Florida Skydiver Dies After ‘Parachute Malfunction and Hard Landing’

by Craig Garrett

A skydiver in Florida has died after their parachute failed to open properly, as confirmed by local authorities. On Monday, the DeLand Police Department announced that the individual died “following a parachute malfunction and hard landing.” According to a DeLand Police Department spokesperson, the accident occurred at Skydive DeLand around 11:45 a.m. on Monday, People reports.

The skydiver’s parachute failed to open while jumping with the company, according to FOX affiliate WOFL. The identity of the individual has not been revealed. Police posted a photo on Twitter showing a plane with rotors surrounded by emergency vehicles and first responders on the tarmac of DeLand Municipal Airport, stating that they were investigating an incident. Skydive DeLand did not respond to requests for comment.

Skydive DeLand offers a variety of training options, including “instruction from the most active professional instructors and coaches in the world” on its website. People who practice tandem jumping with Skydives spend approximately 12 minutes in the air before exiting the plane at an elevation of around 14,000 feet with their instructor.

The free fall lasts about 60 seconds at speeds of up to 120 mph before a parachute is deployed, according to the site. After that, the skydiver may glide for around 5 minutes before making “a feather soft landing.”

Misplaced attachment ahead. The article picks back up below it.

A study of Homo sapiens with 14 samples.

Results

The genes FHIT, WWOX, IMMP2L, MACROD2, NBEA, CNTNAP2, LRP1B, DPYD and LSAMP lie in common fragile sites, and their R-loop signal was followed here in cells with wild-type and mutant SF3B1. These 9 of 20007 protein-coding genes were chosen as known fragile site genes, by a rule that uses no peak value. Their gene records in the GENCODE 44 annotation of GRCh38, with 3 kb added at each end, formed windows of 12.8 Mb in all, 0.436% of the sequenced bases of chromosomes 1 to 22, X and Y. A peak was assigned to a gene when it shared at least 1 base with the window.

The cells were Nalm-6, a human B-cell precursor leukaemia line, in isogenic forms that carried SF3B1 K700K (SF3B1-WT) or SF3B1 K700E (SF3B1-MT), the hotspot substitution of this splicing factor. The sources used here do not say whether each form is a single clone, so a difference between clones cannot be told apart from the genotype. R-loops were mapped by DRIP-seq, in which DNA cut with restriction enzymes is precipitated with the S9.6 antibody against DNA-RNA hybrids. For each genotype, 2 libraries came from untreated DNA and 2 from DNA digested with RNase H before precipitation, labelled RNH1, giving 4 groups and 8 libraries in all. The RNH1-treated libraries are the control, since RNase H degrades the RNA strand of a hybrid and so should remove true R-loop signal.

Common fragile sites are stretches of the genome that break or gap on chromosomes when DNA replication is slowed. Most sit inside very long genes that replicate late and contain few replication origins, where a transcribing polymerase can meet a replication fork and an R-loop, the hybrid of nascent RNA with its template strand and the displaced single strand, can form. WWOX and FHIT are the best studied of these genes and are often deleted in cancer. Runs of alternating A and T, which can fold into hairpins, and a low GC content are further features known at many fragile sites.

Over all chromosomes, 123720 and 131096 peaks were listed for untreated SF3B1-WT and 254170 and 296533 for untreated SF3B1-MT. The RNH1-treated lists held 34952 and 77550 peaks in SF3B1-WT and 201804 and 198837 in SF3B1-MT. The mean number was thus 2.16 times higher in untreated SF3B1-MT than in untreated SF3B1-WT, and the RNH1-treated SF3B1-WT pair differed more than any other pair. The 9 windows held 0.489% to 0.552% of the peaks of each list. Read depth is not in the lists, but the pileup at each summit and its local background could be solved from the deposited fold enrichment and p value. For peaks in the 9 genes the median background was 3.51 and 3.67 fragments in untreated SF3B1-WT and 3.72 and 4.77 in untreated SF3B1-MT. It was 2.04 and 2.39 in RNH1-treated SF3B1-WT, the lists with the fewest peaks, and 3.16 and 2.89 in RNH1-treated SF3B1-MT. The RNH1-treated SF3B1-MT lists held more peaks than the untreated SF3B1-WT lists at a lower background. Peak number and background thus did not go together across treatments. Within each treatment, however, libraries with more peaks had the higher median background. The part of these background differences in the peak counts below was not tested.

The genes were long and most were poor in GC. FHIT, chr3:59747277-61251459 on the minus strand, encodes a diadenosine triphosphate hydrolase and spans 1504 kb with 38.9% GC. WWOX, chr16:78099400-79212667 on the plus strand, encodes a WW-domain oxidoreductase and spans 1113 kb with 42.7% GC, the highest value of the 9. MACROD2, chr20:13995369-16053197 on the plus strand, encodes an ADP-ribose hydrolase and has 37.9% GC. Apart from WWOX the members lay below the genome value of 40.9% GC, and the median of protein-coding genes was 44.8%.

The Skydive DeLand facility has been located at the DeLand Municipal Airport since 1982, according to its website. According to the Miami Herald, the airport is about 40 miles north of Orlando. The airport confirmed that it was aware of the incident but declined to provide further information at this time.

Just how dangerous is skydiving?

Skydiving is a popular sport that many people enjoy every year. It is an exciting and adrenaline-filled activity that can be enjoyed by people of all ages. The sheer number of jumps conducted across the world provides data to demonstrate that it may be done safely. The USPA (United States Parachute Association) keeps track of how many people jump. They also keep up with how many have issues along the way.

In 2015, the USPA recorded 3.5 million jumps in the United States, according to The Skydiving Company. This includes novice tandem skydivers and seasoned solo skydivers. There were 21 fatal skydiving accidents out of those 3.5 million jumps (0.006 fatalities per 1,000 leaps). On average, over the past 10 years, tandem skydiving has had 0.002 fatalities per 1,000 jumps. That’s a much better safety rate than many other activities. In fact, you’re more likely to die from being struck by lightning or stung by a bee than you are while tandem skydiving.

Advanced skydiving maneuvers are more likely to result in issues than traditional jumps. Those with the most experience are often the ones who attempt something new and innovative, increasing their chance for an accident.